CAMP HILL, Pa. (WHTM) – A Camp Hill man says he had a choice: die or break the law. He decided to risk arrest by illegally using medical marijuana. He shared his story with WHTM three months ago. It went viral and was shared over 10,000 times on Facebook.
WHTM hid his identity to protect him and his family. Now, they are coming out of the shadows with an update on his health and a message for lawmakers.
Randal Ray Robertson, 56, was diagnosed with a rare bile duct cancer last year. After having a Whipple procedure, the cancer spread to his lungs and liver. He was given 9-11 months to live. For the past five months, he has been using a combination of chemotherapy and medical marijuana. He invited WHTM to his most recent CAT scan.
“Our last scan about two months ago was fantastic,” Robertson said. “All the tumors in my lungs were gone and all the tumors in my liver had shrunk or resolved, which is unheard of almost, I guess, in this particular disease.”
What would the new scan show? Did the cancer return?
A few days later, the results were in. Robertson’s doctor allowed the family to record the results. In the video, the doctor tells the family: “the CAT scan looks great. There are no nodules in the lungs. Now, there are just a couple subcentimeter lesions on the liver. The rest of the liver looks great.”
His lungs were still clear and the small tumors that had remained in his liver had resolved even more.
“There was no denying at that point that this was not normal and this was not just the chemotherapy,” Robertson said.
“We could have gone to jail when we were actually using it. I mean, we were in jeopardy, but we had such amazing results that we had to step out,” his wife Molly Robertson said.
Randal used a medical marijuana oil that was made in his kitchen. He would also vaporize the medicine to get it into his lungs.
“I am convinced I wouldn’t be here without it,” Robertson said. “The chemotherapy was extremely difficult to get through and the cannabis really made that a lot more tolerable for me.”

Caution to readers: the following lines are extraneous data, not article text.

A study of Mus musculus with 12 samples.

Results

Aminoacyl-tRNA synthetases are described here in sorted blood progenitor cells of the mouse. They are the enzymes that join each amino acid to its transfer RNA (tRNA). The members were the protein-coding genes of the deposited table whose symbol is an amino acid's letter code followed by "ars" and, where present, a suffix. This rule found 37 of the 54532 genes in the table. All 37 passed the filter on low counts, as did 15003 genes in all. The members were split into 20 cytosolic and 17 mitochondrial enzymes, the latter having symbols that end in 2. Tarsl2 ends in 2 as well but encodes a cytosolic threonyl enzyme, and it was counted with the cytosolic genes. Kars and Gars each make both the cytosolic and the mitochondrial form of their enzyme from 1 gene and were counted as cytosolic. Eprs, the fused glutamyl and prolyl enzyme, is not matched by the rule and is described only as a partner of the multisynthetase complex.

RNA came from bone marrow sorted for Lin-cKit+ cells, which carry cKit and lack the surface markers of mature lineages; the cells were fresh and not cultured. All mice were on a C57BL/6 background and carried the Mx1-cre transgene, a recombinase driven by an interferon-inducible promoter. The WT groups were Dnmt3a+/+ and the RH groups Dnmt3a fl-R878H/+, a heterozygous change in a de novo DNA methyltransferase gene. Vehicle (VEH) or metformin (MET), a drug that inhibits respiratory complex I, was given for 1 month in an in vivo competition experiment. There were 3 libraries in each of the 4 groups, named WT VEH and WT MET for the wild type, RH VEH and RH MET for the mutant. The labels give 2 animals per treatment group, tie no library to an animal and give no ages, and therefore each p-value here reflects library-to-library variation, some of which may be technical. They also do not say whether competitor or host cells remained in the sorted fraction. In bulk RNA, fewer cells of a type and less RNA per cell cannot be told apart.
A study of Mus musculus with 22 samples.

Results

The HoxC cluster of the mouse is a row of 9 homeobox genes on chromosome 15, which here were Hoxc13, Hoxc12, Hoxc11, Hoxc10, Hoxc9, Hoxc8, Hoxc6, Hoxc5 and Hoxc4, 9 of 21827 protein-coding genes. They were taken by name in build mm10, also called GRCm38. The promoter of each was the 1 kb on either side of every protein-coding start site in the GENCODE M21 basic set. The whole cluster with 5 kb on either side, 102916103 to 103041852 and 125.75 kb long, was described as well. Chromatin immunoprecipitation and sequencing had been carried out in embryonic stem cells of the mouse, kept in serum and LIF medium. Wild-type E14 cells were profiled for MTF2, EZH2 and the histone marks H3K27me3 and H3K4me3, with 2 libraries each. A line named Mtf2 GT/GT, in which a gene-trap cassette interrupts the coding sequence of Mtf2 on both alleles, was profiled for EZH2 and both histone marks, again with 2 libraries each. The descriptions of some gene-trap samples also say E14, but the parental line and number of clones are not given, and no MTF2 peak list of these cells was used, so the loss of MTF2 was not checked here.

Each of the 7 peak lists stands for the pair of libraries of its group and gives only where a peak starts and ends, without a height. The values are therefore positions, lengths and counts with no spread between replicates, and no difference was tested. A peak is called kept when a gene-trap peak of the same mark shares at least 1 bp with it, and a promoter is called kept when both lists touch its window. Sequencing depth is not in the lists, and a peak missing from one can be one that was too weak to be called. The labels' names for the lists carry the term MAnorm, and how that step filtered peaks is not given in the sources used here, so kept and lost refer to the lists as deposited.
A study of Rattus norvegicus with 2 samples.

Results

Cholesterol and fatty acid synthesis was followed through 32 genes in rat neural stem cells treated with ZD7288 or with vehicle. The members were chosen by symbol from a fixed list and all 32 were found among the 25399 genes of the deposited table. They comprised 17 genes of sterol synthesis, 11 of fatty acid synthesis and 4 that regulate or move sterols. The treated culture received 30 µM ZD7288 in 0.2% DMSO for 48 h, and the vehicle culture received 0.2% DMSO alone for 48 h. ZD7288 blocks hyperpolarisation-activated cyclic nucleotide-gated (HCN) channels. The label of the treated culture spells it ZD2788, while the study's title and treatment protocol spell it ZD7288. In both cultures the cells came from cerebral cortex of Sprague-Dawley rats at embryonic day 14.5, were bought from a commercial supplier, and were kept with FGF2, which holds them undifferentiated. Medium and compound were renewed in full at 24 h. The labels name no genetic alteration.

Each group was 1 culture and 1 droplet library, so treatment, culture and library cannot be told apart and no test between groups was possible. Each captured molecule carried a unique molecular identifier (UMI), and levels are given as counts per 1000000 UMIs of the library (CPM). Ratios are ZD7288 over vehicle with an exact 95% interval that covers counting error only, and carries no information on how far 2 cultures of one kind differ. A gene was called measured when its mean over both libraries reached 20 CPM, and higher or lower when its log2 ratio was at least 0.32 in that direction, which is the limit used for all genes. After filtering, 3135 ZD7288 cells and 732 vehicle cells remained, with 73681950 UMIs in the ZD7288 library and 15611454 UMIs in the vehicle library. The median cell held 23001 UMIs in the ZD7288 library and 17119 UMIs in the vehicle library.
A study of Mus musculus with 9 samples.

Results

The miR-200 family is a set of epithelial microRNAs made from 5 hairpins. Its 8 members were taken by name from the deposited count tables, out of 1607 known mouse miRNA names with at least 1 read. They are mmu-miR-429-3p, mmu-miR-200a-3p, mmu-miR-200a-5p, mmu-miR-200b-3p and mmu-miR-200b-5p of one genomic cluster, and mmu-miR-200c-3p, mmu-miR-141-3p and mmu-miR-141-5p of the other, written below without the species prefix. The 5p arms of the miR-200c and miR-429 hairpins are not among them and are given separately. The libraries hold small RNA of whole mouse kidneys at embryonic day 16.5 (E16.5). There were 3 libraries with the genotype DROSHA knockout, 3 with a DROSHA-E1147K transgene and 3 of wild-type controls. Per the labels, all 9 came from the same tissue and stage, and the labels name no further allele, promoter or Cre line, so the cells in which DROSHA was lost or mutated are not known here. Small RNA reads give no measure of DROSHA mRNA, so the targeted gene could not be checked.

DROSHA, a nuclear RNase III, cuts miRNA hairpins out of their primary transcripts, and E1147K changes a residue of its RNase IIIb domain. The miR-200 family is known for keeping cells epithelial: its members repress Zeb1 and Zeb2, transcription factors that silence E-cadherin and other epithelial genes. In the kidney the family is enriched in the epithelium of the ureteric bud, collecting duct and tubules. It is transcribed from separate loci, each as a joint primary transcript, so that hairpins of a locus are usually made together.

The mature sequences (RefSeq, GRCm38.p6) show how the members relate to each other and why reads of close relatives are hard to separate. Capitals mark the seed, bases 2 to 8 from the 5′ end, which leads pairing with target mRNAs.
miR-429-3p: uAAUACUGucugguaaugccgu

“If you can’t eat, you can’t heal. If you can’t sleep, you can’t heal. If you can’t digest your food properly, you can’t heal. Pharmaceutical medications are designed to shut your system down, that’s what they do, marijuana does not do that,” Molly Robertson said.
The National Cancer Institute is a federal government agency. On its website it lists cannabis, or marijuana, as a Schedule I drug with no “currently accepted medical use.” The website cites animal studies where cannabis has been shown to slow or stop tumor growth, make chemotherapy more effective, and increase cancer cell death without harming normal cells.
“I cannot figure out why on one hand our government would say look at all the uses cannabis has and on another hand say it is a Schedule I drug with no medical value,” Molly Robertson said. “That is wrong. It needs to be changed.”
Which is why this family is sharing their story. Robertson’s daughters posted a video on Facebook asking Vice President Joe Biden for help removing marijuana from its Schedule I status.
“I don’t want someone to lose their dad, or their child, or a family member, or loved because almost having that happen to me is a pain that I would never wish on somebody else,” Becca Robertson, Randal’s daughter, said.
They are sharing their story at the Capitol, as well. Robertson has spoken at several rallies and he and his family are urging lawmakers to vote on Senate Bill 3 which would legalize medical marijuana in Pennsylvania.
“I am not asking them to all vote yes, I am asking them to vote. We can live with the outcome,” Molly Robertson said.
Pennsylvania physicians still appear to be torn on the issue. While many support compassionate use of medical cannabis, many believe there needs to be more research.